In a previous post, we explored the elements of a negligence action that arose after a customer slipped and fell on a pool of vomit left by another customer while visiting a store in Farmerville. One of those elements is “notice,” or whether the merchant created or was aware of the unsafe condition that caused the plaintiff’s injury. In the Farmerville case, the plaintiff was unable to show that the store owner had notice of the vomit on the floor that caused her fall, and so her suit was not successful.
The recent case of Peoples v. Fred’s Stores of Tennessee, Inc., No. 09-1270 (Ct. App. of La., 3d Cir. 2010), illustrates how the plaintiff’s ability to prove notice can result in a different outcome. On August 10, 2004, Virginia Peoples and her husband, Wyndell, entered the Fred’s Store in Tioga. Upon passing through the entranceway, Peoples tripped over some boxes laying on the floor just inside the door which extended into the walkway. The boxes contained gazebos that were part of a clearance sale. Peoples fell forward into a display of stacked coolers, where she hit her chin before landing on the concrete floor. Pain in her neck and right wrist, shoulder, and arm prompted her to go to the emergency room at LaSalle General Hospital, where she was diagnosed with a pinched nerve and a radicular neck injury.
Peoples sued Fred’s Store for negligence, a bench trial was held, and Peoples was awarded nearly $200,000 in damages. Fred’s Store appealed, arguing, among other things, that the trial judge improperly concluded that Fred’s Store had notice of the improperly placed boxes that caused Peoples’s fall.
On appeal, the court reviewed Louisiana’s law on premises liability and the essential element of notice in a negligence action. Peoples argued that Fred’s Store had notice of the boxes because store employees had created the display and therefore had placed the boxes in the unsafe location. This theory is one of “actual notice,” given that the store employees who created the dangerous condition by definition had to be aware of it. At trial, Fred’s Store countered that the boxes had been safely arranged by store employees, but must have been moved by other customers. The judge was not convinced: he concluded that the boxes “were part of a display that was created by Fred’s” and dismissed the store’s argument that other customers could have repositioned the long, 80-pound boxes (which required at least two people to pick up) without any store employees’ noticing. The judge held that “Fred’s did have actual or constructive knowledge of the condition.” It’s interesting to note that the trial judge seemed open to the argument that Fred’s Store would have had constuctive notice under their own theory that customers moved the boxes, but this was not explicitly discussed. In any event, the Court of Appeals agreed that actual notice existed that found that “the record contains ample support for the factual finding made by the trial court that Fred’s created the floor display that caused Mrs. Peoples to trip and fall.”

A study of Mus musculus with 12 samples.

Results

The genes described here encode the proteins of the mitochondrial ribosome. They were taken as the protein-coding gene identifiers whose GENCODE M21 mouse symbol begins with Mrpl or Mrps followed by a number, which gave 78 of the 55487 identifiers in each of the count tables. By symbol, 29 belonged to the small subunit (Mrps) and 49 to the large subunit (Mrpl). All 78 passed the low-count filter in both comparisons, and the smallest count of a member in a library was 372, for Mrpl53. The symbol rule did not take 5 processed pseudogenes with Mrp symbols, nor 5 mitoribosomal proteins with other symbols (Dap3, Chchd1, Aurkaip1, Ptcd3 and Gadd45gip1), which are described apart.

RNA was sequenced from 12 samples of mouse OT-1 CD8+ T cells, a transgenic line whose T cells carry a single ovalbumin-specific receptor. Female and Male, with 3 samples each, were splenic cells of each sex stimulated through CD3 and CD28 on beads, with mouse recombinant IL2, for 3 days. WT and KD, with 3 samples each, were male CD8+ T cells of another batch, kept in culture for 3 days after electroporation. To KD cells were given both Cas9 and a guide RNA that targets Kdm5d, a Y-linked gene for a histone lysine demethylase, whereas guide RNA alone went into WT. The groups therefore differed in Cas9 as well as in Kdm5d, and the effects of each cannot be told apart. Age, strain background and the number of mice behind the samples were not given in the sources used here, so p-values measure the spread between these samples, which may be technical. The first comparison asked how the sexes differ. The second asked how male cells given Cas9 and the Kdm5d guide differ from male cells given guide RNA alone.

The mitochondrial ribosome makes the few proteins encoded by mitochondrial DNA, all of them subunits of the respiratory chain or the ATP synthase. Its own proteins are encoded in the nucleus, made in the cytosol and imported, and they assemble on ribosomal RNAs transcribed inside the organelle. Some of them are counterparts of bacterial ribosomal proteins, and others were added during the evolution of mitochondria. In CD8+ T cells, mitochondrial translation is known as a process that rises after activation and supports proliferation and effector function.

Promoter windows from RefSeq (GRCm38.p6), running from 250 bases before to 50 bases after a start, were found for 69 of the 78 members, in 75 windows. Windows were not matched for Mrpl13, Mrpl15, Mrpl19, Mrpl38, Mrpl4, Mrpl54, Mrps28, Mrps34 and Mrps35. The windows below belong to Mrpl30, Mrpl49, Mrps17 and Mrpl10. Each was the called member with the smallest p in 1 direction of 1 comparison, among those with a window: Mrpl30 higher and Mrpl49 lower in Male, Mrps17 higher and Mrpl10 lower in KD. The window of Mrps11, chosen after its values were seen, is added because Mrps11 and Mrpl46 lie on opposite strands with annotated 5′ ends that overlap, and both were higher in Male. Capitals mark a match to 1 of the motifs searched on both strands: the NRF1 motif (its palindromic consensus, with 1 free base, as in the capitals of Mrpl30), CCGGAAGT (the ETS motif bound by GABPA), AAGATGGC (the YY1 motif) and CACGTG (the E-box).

The primary distinction between this case and the case in Farmerville is the identity of the party who caused the dangerous condition. Louisiana law requires merchants to exercise “reasonable care” in policing their premises for unsafe conditions caused by customers or other visitors. But a stricter standard applies when the danger is caused by store employees themselves, presumably because they are the very individuals who are charged with the duty under Louisiana law to exercise that reasonable care “to keep [the store’s] aisles, passageways, and floors in a reasonably safe condition” in the first place. La.R.S. 9:2800.6.
Given the complexity and fact-intensive nature of proving notice and the other elements of a negligence case, it is critical that you have competent counsel to represent you if you have been injured due to unsafe conditions at a store or other place of business.
Call the Berniard Law Firm toll-free at 1-866-574-8005 to speak with an attorney who can help.